Become a fan of Slashdot on Facebook


Forgot your password?

Slashdot videos: Now with more Slashdot!

  • View

  • Discuss

  • Share

We've improved Slashdot's video section; now you can view our video interviews, product close-ups and site visits with all the usual Slashdot options to comment, share, etc. No more walled garden! It's a work in progress -- we hope you'll check it out (Learn more about the recent updates).


+ - How bee brains could inspire AI in flying robots->

Submitted by
Barence writes "Researchers at two UK universities are trying to use the guidance systems and intelligence inside the brain of a bee to improve artificial intelligence in autonomous flying robots. The AI for autonomous controls has long troubled automation experts, but the scientists believe modelling their systems on brain power found in nature could solve many issues – especially given the rise of parallel computing in graphics processors, which can be repurposed to model brain patterns. PC Pro spoke to lead researcher James Marshall about the research."
Link to Original Source

+ - (MSFT's Gotta) Fight For Your Right (To Privacy)

Submitted by theodp
theodp (442580) writes "GeekWire reports that Microsoft is sticking to its decision to implement 'Do-Not-Track’ as the default for IE 10, despite drawing the ire of corporate America, the Apache Software Foundation, and the FTC Chairman. Representatives of a veritable Who's Who of Corporate America — e.g., GM, IBM, BofA, Walmart, Merck, Allstate, AT&T, Motorola — signed off on a letter blasting Microsoft for its choice. 'By presenting Do Not Track with a default on,' the alliance argues, 'Microsoft is making the wrong choice for consumers.' The group reminds Microsoft that Apache — whose Platinum Sponsors include Microsoft, Google, Facebook, and Yahoo — has branded Microsoft’s actions a deliberate abuse of open standards and designed its software to ignore the 'do-not-track' setting if the browser reaching it is IE 10. It also claims that the FTC Chairman, formerly supportive of Microsoft's privacy efforts, now recognizes 'the harm to consumers that Microsoft’s decision could create.' So, is this a watershed moment for consumers? Will Microsoft cave under the pressure?"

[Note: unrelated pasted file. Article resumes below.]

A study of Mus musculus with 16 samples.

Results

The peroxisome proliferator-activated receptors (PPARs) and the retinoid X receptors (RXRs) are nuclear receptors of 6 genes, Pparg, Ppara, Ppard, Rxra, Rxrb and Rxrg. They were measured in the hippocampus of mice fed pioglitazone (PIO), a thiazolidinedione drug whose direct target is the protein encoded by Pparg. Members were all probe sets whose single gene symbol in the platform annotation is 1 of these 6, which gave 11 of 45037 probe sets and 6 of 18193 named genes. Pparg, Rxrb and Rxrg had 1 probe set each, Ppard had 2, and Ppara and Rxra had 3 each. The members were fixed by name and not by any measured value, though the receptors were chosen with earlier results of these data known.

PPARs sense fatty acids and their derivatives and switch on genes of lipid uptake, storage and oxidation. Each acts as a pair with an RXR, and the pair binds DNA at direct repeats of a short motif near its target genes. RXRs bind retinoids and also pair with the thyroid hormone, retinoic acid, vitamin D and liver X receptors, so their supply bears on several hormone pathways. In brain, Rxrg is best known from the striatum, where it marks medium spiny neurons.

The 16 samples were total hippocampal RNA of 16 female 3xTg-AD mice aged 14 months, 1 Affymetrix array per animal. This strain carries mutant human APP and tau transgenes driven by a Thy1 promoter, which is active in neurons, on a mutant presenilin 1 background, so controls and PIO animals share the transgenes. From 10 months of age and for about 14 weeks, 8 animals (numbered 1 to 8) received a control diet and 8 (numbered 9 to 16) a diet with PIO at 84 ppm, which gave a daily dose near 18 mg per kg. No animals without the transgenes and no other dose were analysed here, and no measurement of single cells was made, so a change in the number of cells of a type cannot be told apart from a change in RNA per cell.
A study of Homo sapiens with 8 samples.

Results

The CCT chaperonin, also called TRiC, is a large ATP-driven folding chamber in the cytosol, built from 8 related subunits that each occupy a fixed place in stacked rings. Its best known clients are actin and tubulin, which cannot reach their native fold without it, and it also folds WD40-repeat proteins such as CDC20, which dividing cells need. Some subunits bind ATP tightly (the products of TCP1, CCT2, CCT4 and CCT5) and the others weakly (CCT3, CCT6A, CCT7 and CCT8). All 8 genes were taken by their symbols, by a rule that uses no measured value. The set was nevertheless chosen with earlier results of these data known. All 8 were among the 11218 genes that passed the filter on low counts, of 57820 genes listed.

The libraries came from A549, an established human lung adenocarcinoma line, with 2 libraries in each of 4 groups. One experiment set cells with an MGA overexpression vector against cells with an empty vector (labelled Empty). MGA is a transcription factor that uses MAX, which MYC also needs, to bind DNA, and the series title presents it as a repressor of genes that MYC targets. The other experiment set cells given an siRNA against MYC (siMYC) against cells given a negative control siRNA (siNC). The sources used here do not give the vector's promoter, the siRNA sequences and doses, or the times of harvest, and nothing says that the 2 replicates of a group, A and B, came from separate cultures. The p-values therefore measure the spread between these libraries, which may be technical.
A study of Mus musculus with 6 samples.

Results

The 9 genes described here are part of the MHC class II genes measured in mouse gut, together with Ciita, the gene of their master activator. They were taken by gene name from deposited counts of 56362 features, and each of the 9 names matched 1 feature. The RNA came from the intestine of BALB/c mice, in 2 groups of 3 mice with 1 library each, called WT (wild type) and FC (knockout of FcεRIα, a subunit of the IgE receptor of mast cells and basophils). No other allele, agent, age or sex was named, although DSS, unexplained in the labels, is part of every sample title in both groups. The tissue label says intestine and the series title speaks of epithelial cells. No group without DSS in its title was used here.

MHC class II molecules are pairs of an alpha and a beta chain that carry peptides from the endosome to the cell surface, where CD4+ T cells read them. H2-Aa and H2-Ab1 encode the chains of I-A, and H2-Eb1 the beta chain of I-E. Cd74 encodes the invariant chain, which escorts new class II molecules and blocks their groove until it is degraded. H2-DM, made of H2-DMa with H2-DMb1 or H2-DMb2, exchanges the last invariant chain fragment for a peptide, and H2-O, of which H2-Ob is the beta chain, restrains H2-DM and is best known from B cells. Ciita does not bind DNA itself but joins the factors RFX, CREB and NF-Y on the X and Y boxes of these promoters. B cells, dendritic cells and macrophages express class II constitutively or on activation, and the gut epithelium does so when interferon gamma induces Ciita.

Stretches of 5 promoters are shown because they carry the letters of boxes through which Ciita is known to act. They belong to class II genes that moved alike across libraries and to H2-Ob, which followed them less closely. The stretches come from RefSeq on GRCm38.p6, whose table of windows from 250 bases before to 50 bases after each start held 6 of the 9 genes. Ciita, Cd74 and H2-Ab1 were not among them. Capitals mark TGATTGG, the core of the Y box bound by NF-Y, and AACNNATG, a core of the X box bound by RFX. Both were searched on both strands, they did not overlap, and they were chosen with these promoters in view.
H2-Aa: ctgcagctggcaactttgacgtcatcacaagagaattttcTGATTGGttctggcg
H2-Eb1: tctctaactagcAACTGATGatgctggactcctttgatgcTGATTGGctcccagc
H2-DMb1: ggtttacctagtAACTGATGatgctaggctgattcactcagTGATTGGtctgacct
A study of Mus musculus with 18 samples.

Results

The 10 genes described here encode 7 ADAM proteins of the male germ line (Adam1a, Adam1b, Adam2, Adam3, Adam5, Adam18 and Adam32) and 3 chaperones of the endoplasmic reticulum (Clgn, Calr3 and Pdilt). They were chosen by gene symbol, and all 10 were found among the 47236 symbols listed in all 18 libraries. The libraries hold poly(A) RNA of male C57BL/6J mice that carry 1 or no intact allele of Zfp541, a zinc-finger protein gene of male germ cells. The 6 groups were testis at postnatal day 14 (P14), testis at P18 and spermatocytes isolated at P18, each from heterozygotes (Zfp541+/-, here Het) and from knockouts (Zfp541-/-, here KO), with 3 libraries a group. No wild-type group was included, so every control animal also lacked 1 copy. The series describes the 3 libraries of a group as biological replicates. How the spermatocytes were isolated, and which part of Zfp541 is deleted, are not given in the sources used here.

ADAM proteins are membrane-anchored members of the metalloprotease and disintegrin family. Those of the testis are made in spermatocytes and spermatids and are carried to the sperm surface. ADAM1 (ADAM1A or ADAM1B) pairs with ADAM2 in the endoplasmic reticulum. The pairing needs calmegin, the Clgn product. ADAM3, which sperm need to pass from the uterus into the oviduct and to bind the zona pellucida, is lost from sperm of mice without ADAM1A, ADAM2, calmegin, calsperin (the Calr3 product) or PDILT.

Legends of Zork Goes Live 76

Posted by Soulskill
from the this-space-intentionally-left-blank dept.
TinBromide writes "The developers over at Jolt Online Gaming have released Legends of Zork to the general public. It's a free, browser-based, adventure game based on the world of Zork. You play as a Traveling Salesman, recently laid off from FrobozzCo. You start off in a clearing, where a white house has a boarded up door. From there, you can do what you like. Explore the world, fight other salesmen in PVP, or try out your Darkvision Goggles in the dark — just try not to get eaten by a grue." It's free in that you're given 30 Action Points each day, which are consumed by moving about and fighting. Their business model is that if you want more Action Points, you can purchase more.

+ - Black Hole Cluster Emits Massive Cloud

Submitted by
Shifty Jim
Shifty Jim writes "According to a recent article at a black hole cluster may be the source of a massive cloud millions of light years in size. From the article:
'A giant cloud of superheated gas 6 million light years wide might be formed by the collective sigh of several supermassive black holes, scientists say. The plasma cloud, detailed in April 10 issue of Astrophysical Journal, might be the source of mysterious cosmic rays that permeate our universe.
The plasma cloud is located about 300 million light years away near the Coma Cluster and is spread across a vast region of space thought to contain several galaxies with supermassive black holes, or active galactic nuclei (AGN), embedded at their centers.'

+ - The Completely "UnFair" Scheduler

Submitted by hichetu
hichetu (799172) writes "Kernel trap has a nice summary ( of what is going on behind the scenes to change the Linux Scheduler. The O(1) Linux scheduler is going to be changed so that it is fair to interactive tasks. You will be surprised to know that O(1) is really too good not to have any side-effects on fairness to all tasks. You will also know how a kernel coder tried to address it and how his efforts were suppressed by O(1) coder only to come up later with similar ideas to solve issues with his O(1) scheduler in not so fair way!"

Computers can figure out all kinds of problems, except the things in the world that just don't add up.